In little over 60 minutes, Christie Nicholson and Eric Olson delivered a crash course on video reporting for beginners.
They passed around a sample starter kit (a $112 Kodak Zi6 pocket video camera, a tripod, and an ear mic) and got down to business by offering tips via video example. It’s the do’s and don’ts of news clips – here they are:
1. Keep it short. News videos should last about 2 minutes. And you’ve got about 20 seconds before your audience goes South, warned Nicholson, a freelance contributor to Scientific American.
2. Attract the viewer. Aim for visually pleasing scenes (i.e. not a researcher in his chair.) As for audio, don’t shy away from sounds and music. And regarding the script, remember humor. By example, Olson, an audio-video editor at Nature, showed us one of his videos, in which he begins a story by asking why anyone would smash rabbit bones.
3. Stop the tape. Don’t be afraid to turn off the camera to ask your source to repeat something that didn’t come out quite right. If an ambulance zooms by, stop and start again. If it’s windy, relocate.
4. Divide composition space into thirds. Nicholson and Olson illustrated this lesson by projecting live videos onto a screen with a 3-by-3 grid overlain. The subject does not sit front and center, but rather fills up two of the columns – eyes line up with the bottom of the top row. NASW attendees tried it out for themselves by composing mock interviews. In the video posted here, Nancy Huddleston of the National Academy of Sciences does a nice job of lining up her mock-interviewee, Mel Berkowitz of Interon Productions in Jamaica, New York.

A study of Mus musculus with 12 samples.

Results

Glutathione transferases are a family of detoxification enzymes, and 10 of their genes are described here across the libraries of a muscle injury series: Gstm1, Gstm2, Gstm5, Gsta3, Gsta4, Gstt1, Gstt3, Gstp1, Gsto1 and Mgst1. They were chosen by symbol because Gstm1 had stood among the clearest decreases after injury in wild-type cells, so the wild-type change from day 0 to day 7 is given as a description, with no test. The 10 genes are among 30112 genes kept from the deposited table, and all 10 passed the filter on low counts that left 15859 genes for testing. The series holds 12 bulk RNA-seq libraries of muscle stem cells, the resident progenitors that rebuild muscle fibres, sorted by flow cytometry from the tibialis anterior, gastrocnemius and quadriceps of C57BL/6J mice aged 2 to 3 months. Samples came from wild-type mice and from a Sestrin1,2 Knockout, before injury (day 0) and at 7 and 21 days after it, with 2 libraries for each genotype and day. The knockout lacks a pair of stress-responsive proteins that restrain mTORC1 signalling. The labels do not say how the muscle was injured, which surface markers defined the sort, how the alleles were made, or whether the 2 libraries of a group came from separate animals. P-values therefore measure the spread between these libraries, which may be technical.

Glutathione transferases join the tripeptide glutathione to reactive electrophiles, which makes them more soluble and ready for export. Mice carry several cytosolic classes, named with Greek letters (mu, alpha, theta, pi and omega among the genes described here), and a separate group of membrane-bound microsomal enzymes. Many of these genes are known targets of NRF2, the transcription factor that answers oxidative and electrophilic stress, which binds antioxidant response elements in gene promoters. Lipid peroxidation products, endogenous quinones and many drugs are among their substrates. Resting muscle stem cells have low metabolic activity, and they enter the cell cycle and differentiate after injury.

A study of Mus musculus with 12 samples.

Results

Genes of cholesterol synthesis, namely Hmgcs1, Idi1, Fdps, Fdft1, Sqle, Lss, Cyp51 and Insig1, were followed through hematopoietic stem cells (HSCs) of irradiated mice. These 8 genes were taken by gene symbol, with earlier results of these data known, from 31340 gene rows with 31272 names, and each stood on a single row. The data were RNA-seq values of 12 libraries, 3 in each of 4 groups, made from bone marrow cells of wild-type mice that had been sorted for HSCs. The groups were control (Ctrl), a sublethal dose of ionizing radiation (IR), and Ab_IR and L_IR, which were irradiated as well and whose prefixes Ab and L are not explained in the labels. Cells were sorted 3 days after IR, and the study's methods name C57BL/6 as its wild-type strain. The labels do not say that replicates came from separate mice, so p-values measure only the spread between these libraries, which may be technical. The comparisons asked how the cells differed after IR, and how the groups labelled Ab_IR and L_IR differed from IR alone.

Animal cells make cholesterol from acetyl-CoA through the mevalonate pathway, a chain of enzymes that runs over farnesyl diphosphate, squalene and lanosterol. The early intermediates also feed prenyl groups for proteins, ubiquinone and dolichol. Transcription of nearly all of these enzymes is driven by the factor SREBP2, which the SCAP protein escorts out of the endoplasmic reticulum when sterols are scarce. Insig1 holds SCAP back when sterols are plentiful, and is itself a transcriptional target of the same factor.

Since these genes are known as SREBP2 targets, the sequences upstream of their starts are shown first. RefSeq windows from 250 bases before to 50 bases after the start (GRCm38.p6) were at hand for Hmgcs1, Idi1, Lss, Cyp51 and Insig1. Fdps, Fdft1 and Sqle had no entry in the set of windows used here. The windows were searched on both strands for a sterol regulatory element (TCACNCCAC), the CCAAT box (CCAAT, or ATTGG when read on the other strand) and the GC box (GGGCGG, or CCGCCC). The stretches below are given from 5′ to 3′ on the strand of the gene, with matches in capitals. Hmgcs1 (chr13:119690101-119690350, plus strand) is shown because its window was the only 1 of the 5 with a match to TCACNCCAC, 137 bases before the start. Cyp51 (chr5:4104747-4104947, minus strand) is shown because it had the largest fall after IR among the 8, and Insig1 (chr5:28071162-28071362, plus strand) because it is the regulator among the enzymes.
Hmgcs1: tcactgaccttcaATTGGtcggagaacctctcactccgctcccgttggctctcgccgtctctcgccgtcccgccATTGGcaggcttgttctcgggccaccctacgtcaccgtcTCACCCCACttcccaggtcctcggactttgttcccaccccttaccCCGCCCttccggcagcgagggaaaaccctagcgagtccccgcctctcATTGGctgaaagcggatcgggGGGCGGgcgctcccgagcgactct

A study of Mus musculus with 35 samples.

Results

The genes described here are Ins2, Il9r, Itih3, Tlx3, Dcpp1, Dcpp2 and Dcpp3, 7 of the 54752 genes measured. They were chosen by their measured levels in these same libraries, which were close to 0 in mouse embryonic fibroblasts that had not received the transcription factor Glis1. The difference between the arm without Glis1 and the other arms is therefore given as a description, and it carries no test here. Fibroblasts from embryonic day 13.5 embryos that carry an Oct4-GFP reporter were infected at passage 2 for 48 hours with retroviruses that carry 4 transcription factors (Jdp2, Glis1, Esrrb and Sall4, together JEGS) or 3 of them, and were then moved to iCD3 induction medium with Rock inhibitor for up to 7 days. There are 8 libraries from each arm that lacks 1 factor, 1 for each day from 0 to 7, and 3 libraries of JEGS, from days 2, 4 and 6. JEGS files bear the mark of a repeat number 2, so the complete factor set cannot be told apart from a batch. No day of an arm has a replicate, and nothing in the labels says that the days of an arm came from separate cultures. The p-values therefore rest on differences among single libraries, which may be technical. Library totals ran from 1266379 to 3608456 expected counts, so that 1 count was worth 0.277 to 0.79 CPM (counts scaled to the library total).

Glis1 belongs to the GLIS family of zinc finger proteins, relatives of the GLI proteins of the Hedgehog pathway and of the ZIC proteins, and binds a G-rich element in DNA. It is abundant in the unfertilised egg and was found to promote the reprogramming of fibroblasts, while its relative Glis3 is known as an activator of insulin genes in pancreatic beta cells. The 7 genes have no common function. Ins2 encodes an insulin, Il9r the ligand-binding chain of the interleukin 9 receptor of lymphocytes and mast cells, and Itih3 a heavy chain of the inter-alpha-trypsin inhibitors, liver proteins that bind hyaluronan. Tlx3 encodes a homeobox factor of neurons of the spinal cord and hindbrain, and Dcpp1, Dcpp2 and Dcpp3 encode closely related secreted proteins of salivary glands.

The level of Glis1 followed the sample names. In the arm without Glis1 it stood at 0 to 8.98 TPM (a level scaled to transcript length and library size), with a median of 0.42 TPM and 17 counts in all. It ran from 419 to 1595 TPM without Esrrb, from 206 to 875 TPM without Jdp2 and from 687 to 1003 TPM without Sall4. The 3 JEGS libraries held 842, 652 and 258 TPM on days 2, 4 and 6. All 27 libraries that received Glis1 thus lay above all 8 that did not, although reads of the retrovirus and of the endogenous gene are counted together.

5. Record footage beyond the interview. In the film world, that’s called B-roll. To demonstrate, Olson shot a mock-video of Nicholson counting money.
6. Use a tripod. And avoid moving the camera around, zooming in or panning out.
7. Interview tips: Ask three questions before your serious questions begin to warm-up the interviewee. And then for nice color, ask people to talk about themselves.